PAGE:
I haven’t done one of these in a while. Here are some short ideas I have yet to fully flesh out but are complete enough to share right now anyway. Perhaps in doing so they will drive a discussion that will lead to a longer post.
When “No” is your default, the things that fight their way to “Yes” have a deeper value and meaning. They not only have to earn their place, they have to maintain their worth to keep it. “Yes” is important. “Yes” means that something really matters to me. But, this is only the case — and I would argue only can be the case — when “Yes” is not easy and “No” is the default.
It is not enough to simply accept, put-up-with, or ignore those things that might drive us nuts about our partners in a relationship. We must learn to appreciate them. Find the ways in which those things might, in fact, be a part of what makes the other person so great. Unless we do, we risk it becoming the chink that becomes a hole that, under pressure, breaks the dam.
Like wide margins in a book makes it easier and more pleasurable to read, leaving wide margins in your life makes it easier and more pleasurable to live. Also, having margins in a book leaves lots of room to make notes, observations, doodle, and offer your thoughts. So goes margins in life, too.
The reason for quantifying your commitments, and making the time and space for them on a calendar, is as much about committing to your tasks and projects as it is to committing to the margins.
The gulf between irresponsibility and opportunity is bridged by intention.
Kindness is a habit. One that is strengthened and improved the more you are so.
Always get the best paint you can buy. The difference between the good stuff and everything else is measured in decades and, in some cases, centuries.
Just a little bit more effort goes such a long way because so many do so much less than the minimum required.
I love the little yellow flowers
that bloom this time of year
in the gardens
along the roadside
between the pavement cracks
in the places we otherwise
pass quickly by them
without much notice
a lost prairie fighting back
black eyed sue
that this is its proper place
that these concrete roads
and planted spaces
are convenience and facade
these flowers reveal
that they have always belonged
that they will remain, here
while we will not
we will pass quickly by
without much notice
yet these flowers
will still bloom proudly
after we are gone
and the prairie returns
As we near then end of the season, I’ve started to meditate on it and take stock. This has been an interesting summer for sure. Filled with too many good moments to count. A bit crazy making at times, but even the downsides have informed my wife and I in important ways.
Yet, as I have thought about it personally, the theme that keeps coming back up again and again is one of ownership — specifically, my taking ownership of tasks and projects despite my fears, challenges, lack of knowledge, or other encumbrance that, in the past, I’ve used as an excuse not to. Here are just a few of the many examples that pop up in my mind.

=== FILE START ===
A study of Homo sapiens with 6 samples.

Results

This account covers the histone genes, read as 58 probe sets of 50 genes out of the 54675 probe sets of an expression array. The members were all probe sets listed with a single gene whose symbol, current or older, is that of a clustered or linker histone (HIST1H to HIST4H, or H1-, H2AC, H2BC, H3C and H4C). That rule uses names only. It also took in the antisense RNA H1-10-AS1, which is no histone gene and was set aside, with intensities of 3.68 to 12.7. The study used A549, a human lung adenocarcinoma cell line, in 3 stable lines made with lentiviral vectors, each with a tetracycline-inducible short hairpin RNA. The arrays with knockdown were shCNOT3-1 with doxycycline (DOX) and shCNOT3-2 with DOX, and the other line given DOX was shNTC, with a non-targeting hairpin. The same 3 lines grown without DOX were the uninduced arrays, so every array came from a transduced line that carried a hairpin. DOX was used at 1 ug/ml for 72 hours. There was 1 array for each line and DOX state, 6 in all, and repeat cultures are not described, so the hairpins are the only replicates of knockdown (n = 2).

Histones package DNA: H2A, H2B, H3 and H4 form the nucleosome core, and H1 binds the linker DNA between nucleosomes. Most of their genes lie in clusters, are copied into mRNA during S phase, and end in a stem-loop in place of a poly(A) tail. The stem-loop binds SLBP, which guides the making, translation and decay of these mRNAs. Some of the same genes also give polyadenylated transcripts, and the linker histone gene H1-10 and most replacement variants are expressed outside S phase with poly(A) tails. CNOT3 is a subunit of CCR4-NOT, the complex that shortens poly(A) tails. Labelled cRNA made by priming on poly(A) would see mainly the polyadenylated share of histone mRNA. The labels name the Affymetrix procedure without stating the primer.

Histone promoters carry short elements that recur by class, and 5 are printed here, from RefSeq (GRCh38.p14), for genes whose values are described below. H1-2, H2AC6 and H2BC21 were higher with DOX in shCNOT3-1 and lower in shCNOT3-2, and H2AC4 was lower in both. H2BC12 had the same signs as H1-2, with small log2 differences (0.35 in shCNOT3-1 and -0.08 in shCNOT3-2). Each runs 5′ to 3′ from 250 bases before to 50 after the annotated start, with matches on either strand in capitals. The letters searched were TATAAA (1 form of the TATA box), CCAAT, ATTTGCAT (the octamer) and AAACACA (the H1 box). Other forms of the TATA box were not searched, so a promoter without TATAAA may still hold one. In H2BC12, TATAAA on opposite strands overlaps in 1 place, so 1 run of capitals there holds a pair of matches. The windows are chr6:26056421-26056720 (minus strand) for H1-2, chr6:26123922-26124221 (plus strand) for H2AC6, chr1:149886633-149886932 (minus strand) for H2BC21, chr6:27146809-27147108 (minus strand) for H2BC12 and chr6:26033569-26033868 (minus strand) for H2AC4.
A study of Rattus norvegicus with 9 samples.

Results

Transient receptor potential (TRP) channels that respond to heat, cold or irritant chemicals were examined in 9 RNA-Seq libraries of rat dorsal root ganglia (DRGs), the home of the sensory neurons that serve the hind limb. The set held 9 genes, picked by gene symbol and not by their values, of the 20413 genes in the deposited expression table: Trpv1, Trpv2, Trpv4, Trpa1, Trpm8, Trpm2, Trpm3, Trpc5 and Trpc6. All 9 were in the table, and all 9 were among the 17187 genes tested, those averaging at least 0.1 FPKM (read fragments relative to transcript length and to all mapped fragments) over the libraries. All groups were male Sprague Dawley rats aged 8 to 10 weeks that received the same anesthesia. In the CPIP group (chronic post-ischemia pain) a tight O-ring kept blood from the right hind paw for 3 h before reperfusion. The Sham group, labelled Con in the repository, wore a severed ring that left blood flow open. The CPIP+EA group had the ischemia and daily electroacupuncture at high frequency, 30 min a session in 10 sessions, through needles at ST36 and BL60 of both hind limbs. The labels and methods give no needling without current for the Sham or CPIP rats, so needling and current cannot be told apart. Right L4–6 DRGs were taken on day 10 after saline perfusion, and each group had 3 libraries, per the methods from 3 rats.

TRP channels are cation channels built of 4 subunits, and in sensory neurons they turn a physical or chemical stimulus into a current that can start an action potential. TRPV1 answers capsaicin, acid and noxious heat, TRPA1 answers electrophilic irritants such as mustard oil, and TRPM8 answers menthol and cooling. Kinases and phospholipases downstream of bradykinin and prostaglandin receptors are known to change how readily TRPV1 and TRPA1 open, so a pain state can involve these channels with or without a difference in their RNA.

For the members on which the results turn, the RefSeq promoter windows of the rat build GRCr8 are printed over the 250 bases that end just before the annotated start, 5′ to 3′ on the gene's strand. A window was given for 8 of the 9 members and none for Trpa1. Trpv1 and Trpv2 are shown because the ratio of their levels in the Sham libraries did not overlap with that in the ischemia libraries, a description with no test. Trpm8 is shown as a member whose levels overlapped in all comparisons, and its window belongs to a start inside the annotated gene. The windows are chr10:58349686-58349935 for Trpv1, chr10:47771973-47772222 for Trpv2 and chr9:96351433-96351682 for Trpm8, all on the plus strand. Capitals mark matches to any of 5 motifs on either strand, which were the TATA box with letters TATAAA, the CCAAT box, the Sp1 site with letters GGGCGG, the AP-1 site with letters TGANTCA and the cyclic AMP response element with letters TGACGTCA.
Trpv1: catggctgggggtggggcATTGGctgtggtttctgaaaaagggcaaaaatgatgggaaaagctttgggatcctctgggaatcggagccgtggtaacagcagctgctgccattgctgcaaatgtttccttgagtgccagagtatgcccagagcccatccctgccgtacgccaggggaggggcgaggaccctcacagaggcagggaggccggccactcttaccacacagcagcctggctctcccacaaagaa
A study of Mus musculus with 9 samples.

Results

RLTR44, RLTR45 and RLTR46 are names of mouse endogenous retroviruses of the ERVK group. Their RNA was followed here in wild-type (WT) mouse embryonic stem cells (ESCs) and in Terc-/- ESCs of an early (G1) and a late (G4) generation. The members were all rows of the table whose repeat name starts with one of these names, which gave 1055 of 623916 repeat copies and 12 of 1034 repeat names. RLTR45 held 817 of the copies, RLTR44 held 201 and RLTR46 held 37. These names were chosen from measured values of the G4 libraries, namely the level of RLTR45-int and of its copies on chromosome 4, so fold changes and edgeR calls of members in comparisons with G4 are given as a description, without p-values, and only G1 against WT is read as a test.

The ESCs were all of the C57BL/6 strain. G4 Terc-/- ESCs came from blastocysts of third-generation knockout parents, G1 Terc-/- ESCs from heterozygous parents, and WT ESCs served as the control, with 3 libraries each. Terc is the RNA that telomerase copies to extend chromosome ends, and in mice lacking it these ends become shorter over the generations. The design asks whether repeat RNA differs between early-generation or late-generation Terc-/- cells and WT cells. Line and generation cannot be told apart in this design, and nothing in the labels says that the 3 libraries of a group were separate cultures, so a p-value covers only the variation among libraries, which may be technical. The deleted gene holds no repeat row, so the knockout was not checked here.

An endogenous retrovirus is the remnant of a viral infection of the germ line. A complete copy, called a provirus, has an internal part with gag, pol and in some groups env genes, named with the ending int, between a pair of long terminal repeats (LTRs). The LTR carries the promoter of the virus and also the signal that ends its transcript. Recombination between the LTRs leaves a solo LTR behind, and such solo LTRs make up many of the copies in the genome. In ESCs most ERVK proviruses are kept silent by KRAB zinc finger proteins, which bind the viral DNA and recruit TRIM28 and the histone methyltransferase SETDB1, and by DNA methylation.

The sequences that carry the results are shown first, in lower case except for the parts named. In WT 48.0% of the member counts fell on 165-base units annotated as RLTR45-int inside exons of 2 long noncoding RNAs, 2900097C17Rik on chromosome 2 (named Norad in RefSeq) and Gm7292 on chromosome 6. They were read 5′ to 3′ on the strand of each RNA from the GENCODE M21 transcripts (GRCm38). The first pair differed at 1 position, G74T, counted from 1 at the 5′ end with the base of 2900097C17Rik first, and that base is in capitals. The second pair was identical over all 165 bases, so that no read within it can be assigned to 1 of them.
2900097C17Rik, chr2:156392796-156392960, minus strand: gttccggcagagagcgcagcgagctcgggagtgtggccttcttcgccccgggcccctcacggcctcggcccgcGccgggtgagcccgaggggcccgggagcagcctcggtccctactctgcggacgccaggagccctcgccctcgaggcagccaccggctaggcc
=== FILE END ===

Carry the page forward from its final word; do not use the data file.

I suck at sketching and drawing. At least, I think I do. I’ve always been self critical about it. Yet, I’ve been working to improve this as I’ve always admired others that are really good at it and it is a skill I have long wished to have. Getting to know, and have the skilled teaching, of Mike Rohde has helped quite a bit. While his personal encouragement and support in this area have been essential, his books have been especially important in spurring me to push well past my comfort zone. I’ve not only tried sketchnoting at conferences and meetings but I have been creating practice opportunities at least once a week by watching and sketchnoting TED Talks and other such things. Heck, this past Sunday I spent at least a half hour just practicing drawing coffee cups – coffee cups! The point being that this is a skill I’ve long struggled with personally, desired to be better at, and have actively take ownership of the work required to so so.
I certainly don’t consider myself "handy" but woodworking has long been something I wish I knew how to do. So, building my wife a little free library was a real push of my self-perceived limits even with the expert help of a good friend. The final result of the library itself was spectacular. But, more than that, I learned so much building it and gained a tremendous amount of confidence in my ability to tackle other building projects I’ve long wanted to tackle.
I’ve never implemented a website for a client that someone else was hired to design. One of the reasons was the fear of my ability to do so. When I do the design, I have the control and will only design something I know I can build. If someone else does the design, I previously had doubted my skills and abilities to execute it — what if they designed something I did not know how to do? Well, a couple of months ago, I had to confront this fear and doubt head on with a new site for an existing client that they had hired someone else to copy-write and design, but wanted me to build. It was a situation that I did all I could to try to avoid but, in the end, had to suck it up and get it done. And, you know what? It turned out great (it is still not live yet so, unfortunately, I can’t link to the results). Not only did I surprise myself with the knowledge and skill I already had, I also was forced to learn a few new things that will serve me and other clients well in the future.
There have been many other examples as well. The point being that I’ve been pretty proud of the fact that I have stepped up in areas I would previously have passed off, hired out, or stepped away from. And, every single time I have been the better for doing so.
I’m a writer. Writing is how I make this world better, friendlier, stronger place. If these words improved your day, please let me know by contributing here.